What is a Differential Locker? Learn from the Experts!

With summer now in full swing, everyone is ready to take their four wheel drive vehicles out for a spin, whether it be for a day out on the dunes or a road trip through the bush. Therefore, it’s time to make sure your vehicle is ready for anything. This may include installing a differential locker (diff locker) for the first time or replacing your current one.

There are several different differential lockers, each operating slightly differently to help prepare your vehicle for the optimum four wheel drive experience. It can be hard to know which diff locker will suit your vehicle, but have no fear; the experts at DBS Perth are here to help!

What is a differential locker, and why do I need one?

A differential locker can significantly increase the performance of your four wheel drive in certain conditions.

Differential lockers are needed if you plan to four wheel drive on surfaces other than sealed or hard roads.

As you may know, when you are four wheel driving, different tyres have different levels of traction to varying times due to the unevenness of the surface – for example, if you are driving over gravel and sand. The primary purpose of a differential locker is to make both wheels spin simultaneously, regardless of which tyre has more traction.

What is the difference between a differential locker and an open differential?

Open differentials will allow whichever tyre has the least amount of traction to spin. Although this attribute of an open differential is ideal on hard roads, it can cause issues in some situations four wheel drivers may find themselves in.

Therefore, if you plan to four wheel drive on uneven or softer surfaces, we encourage you to look into differential lockers.

Different Types of Differential Lockers

  • Air Diff Lockers
  • A diff locker that uses compressed air from an onboard source to keep gears locked together with a locking collar.
  • Electric Diff Lockers
  • A diff locker that uses an electromagnet to pull to roller cams apart and then pushes heavy pins into the side gear of the differential to lock them together. This does not rely on an outside source of power.

What is the difference between an air diff locker and an electric diff locker?

The main difference between an air and an electric diff locker is how the diff locker is activated.

The air locker is activated generally using an onboard air compressor. Due to the nature of the design, air lockers are positive locking and do not require the tyre to rotate before locking.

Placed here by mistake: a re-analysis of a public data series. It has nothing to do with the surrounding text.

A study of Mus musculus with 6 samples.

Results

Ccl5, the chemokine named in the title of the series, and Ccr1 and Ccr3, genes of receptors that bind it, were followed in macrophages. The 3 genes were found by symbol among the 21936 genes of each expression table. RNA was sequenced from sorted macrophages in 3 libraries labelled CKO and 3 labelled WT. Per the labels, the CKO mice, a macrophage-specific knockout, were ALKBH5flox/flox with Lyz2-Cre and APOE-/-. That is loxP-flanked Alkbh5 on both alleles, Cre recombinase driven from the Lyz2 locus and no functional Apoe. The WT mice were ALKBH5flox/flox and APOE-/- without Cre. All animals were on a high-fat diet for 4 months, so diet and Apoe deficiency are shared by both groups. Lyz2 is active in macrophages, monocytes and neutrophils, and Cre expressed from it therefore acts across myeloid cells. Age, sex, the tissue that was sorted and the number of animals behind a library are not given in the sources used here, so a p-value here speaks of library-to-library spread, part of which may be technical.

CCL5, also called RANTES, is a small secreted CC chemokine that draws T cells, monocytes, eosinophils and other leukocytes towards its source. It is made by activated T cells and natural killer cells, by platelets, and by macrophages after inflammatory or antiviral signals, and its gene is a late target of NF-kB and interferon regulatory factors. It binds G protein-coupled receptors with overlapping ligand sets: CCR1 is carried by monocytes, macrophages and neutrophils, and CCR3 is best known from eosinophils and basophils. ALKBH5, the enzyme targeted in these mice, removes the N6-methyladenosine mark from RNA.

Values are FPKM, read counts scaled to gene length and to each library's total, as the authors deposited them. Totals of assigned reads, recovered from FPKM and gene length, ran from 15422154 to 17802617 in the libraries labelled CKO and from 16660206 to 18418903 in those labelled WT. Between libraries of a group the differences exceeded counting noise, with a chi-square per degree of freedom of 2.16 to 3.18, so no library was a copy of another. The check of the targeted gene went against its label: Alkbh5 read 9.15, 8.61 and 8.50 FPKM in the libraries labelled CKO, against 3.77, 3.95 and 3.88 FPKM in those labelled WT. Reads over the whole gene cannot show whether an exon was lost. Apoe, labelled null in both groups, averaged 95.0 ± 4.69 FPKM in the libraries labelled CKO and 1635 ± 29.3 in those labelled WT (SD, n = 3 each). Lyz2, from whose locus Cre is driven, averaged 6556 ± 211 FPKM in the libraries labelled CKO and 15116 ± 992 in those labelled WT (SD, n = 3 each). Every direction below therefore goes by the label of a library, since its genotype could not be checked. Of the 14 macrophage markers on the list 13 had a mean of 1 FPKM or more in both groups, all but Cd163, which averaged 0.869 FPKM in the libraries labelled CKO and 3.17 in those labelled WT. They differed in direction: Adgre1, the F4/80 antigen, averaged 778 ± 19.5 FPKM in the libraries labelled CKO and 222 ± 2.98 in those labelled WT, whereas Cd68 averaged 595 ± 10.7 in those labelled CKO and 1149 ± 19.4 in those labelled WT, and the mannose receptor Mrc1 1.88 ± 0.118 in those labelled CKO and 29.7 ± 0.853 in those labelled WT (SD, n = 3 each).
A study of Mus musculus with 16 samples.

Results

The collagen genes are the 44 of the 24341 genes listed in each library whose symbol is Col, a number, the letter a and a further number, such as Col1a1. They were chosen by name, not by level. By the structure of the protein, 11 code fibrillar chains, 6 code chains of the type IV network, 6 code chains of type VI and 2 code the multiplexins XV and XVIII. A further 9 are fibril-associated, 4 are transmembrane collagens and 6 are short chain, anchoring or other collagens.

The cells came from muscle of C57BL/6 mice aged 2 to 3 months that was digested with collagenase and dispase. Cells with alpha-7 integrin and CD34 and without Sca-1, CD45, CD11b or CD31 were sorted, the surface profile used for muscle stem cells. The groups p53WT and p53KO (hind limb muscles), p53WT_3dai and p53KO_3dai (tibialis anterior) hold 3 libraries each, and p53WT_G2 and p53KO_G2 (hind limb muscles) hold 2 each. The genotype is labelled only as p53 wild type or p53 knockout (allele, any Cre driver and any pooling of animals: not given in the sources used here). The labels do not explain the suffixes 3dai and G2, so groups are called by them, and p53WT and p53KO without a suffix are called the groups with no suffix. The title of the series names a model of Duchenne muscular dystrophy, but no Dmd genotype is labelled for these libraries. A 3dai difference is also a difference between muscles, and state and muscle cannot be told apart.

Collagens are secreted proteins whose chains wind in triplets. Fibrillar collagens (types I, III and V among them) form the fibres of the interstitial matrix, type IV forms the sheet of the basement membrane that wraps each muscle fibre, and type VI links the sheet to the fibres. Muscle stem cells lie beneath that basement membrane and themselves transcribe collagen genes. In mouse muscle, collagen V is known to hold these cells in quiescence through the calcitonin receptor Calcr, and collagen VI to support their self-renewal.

However, the electric locker uses an electromagnet on a camlock system, which requires the differential assembly to rotate a bit before locking.

Both diff lockers have their advantages and disadvantages.

The E-Lockers require fewer components to function (i.e. no air compressor) and are generally lower maintenance as there are no seals that can leak due to age/wear and tear.

However, the air lockers generally have stronger internals. Therefore, if the vehicle already has an onboard air compressor to pump up the vehicle’s tyres, then an air locker is a solid choice.

To read more about the debate between air and electric lockers – click here!

How do differential lockers compare to my factory fitted LSD (Limited Slip Differential)?

The majority of four wheel drives are fitted with a limited slip differential (LSD) when you purchase them.

Some factory fitted LSDs are great for all types of four wheel driving. For example, the mechanical clutch type factory LSD in Nissan Patrols.

However, some factory fitted LSDs are not up to the task of four wheel driving and are intended for sealed or hard road surfaces. If this is all you intend to use your 4WD for, then the factory fitted LSD may suffice.

Differential lockers, such as the air and electric lockers, are known as “Positive Locking.” This means that once they are engaged, both wheels spin at the same time, the differential locker is engaged the whole time and doesn’t allow any slip.

In a four wheel driving environment, this is ideal as both wheels always have traction. The LSD, on the other hand, does allow some slip, which will cause the vehicle to lose traction. This may cause a safety issue.

Click here to contact DBS Perth for more information!

Driveshaft Balancing Services Perth is a family-owned and operated business providing mechanical and manufacturing services to all types of vehicles, including modified cars, 4WDs, mining vehicles and heavy trucks. DBS are the premium Western Australian specialists in:

  • Drift shafts
  • Truck shafts
  • CV Joints
  • Differentials
  • Testing and Diagnostics
  • Mechanical servicing

If you are looking for mechanical services that you can trust, look no further than the experts at DBS Perth.

Just give us a call on 08 9249 9778, and our experienced team will be happy to talk through your needs and ensure we find the ideal solution for your vehicle at a competitive price!